Patrick Wellens (patrickwellens@hotmail.com) is currently working as a Global Compliance Business Partner for a division of a multinational pharma company, based in Zurich, Switzerland. He is a Board Member of Ethics and Compliance Switzerland and Co-Chair of the working group “life sciences.”

C-suite executives play important roles in influencing the ethical culture of an organization. As an ethical leader, company executives are role models who communicate the importance of ethical standards (“tone at the top”) and expect all employees to abide by these standards. As a result, you might expect companies to carefully select their executives and thoroughly evaluate their ethical values before recruiting them to be placed at the helm of the company.

According to a Strategy& study,[1] more and more CEOs step down not because of falling short of financial targets, but because of ethical lapses. In 2018, Samsonite’s CEO resigned after an investment firm accused him of lying on his résumé.[2] McDonald’s fired its CEO in 2019 after it was found that he had several sexual relationships with employees.[3] The CEO of Raiffeisen bank (third-largest bank in Switzerland), who was also the chairman of the board of Helvetia Insurance, had to step down in both positions because of ongoing criminal investigations against him.[4] Luckin’s CEO and chief operating officer were fired after an accounting scandal came to light.[5] The Swiss Financial Market Supervisory Authority clawed back 750,000 Swiss francs from the CEO of a bank for insider trading.[6]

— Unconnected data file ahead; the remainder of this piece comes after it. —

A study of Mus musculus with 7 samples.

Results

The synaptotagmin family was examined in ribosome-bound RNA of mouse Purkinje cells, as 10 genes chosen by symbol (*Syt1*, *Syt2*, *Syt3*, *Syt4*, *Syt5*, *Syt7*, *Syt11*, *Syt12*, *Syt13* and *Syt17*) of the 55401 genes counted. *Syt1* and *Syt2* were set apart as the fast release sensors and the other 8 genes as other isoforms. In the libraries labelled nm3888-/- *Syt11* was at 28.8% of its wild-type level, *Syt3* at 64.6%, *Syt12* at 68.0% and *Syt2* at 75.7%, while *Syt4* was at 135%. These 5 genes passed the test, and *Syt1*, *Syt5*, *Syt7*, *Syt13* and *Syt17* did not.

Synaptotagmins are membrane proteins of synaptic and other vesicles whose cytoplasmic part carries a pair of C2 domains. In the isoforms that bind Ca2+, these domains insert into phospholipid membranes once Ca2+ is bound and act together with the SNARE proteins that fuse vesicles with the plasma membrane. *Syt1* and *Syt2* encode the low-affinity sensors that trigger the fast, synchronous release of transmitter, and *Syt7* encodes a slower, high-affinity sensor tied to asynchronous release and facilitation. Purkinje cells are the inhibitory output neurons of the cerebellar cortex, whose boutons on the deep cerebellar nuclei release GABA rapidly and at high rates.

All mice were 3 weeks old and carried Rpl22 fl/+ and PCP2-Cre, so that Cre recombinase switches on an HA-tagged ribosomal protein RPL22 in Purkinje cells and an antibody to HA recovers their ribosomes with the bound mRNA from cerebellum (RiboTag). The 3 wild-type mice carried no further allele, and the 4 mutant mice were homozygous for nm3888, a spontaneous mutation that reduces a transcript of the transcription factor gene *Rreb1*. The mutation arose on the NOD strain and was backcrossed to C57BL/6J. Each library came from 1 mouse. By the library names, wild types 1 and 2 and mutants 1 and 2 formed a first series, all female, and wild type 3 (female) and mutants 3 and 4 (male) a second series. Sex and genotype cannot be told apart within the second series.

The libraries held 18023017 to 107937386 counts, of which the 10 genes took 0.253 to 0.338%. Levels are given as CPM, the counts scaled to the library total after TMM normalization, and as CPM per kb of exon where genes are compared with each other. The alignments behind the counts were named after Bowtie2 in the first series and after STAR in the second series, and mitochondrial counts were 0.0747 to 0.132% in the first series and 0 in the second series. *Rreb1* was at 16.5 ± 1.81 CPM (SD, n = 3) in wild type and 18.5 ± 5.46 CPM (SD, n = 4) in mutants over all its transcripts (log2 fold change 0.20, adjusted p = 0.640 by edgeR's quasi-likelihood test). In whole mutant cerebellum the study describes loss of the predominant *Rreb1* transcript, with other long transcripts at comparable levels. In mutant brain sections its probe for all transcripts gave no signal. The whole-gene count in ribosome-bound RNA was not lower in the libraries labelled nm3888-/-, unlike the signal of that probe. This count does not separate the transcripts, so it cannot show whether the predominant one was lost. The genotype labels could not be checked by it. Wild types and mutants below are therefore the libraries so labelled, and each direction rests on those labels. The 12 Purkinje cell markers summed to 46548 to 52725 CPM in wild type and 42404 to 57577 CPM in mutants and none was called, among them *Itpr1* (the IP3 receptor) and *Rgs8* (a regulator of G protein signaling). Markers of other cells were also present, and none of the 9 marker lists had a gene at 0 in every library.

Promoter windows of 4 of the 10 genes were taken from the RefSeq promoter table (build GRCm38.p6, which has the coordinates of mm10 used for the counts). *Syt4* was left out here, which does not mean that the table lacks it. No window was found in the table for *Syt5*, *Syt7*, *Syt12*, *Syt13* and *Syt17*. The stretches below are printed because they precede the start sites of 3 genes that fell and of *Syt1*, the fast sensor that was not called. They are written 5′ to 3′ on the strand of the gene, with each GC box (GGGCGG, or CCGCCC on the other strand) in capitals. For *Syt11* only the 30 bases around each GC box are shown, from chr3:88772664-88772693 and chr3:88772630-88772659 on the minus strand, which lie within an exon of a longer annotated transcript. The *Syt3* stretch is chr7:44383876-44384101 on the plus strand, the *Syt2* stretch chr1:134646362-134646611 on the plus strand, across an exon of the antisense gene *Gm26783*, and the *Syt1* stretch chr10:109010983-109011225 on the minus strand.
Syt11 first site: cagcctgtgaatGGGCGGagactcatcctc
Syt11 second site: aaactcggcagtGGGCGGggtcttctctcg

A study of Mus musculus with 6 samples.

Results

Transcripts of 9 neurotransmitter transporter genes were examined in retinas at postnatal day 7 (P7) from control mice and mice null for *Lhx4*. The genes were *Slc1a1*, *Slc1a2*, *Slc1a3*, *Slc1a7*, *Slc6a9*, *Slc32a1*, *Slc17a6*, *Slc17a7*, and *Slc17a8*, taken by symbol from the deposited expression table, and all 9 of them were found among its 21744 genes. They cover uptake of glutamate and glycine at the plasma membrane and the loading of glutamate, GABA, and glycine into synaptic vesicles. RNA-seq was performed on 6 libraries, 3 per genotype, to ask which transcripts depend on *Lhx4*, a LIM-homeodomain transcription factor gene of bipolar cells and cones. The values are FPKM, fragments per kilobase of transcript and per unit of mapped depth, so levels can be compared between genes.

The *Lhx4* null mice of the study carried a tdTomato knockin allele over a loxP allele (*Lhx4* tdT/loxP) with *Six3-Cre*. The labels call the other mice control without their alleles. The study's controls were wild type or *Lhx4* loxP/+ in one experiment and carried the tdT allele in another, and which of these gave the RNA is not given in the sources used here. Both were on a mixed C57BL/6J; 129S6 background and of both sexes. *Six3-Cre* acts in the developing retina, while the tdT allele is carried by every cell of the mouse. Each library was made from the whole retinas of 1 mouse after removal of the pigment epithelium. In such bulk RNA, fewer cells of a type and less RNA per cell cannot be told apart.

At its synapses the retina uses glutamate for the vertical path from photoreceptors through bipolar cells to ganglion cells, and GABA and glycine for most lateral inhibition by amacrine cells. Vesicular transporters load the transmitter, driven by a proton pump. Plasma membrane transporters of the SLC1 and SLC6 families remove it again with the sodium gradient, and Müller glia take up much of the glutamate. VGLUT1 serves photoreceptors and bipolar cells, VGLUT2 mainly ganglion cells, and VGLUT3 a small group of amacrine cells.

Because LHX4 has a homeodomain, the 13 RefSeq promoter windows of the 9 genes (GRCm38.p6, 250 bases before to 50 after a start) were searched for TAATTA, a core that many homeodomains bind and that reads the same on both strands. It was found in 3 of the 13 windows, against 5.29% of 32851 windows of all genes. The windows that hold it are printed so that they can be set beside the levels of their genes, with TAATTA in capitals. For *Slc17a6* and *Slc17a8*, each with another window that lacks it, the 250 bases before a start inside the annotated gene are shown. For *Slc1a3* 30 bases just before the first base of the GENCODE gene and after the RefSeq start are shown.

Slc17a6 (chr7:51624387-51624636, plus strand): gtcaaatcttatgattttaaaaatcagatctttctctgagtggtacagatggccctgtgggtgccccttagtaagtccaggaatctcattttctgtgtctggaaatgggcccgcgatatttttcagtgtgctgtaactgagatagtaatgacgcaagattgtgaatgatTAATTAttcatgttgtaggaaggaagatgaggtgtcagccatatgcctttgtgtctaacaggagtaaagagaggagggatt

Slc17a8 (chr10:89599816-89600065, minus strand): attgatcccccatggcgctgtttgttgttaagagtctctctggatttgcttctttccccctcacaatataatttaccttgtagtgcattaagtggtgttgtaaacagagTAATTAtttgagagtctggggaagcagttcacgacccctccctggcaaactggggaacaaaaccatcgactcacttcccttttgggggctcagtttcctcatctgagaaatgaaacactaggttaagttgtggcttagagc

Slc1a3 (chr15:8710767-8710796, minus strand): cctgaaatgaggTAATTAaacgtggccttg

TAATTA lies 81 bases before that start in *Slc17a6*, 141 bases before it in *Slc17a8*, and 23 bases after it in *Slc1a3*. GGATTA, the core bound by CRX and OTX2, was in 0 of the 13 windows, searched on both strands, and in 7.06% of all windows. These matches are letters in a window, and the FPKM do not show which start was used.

The act of firing and replacing CEOs or other C-suite members is very expensive. Companies might not only have to pay executive compensation (bonuses, stock options) and salary for up to one year but also headhunter fees and/or sign-on bonuses to find a new candidate. Given the amounts involved here, why aren’t companies spending more scrutiny on screening and evaluating the ethical values of its C-suite members?

In this article we explore what companies can do to evaluate the ethical/moral compass of C-suite members.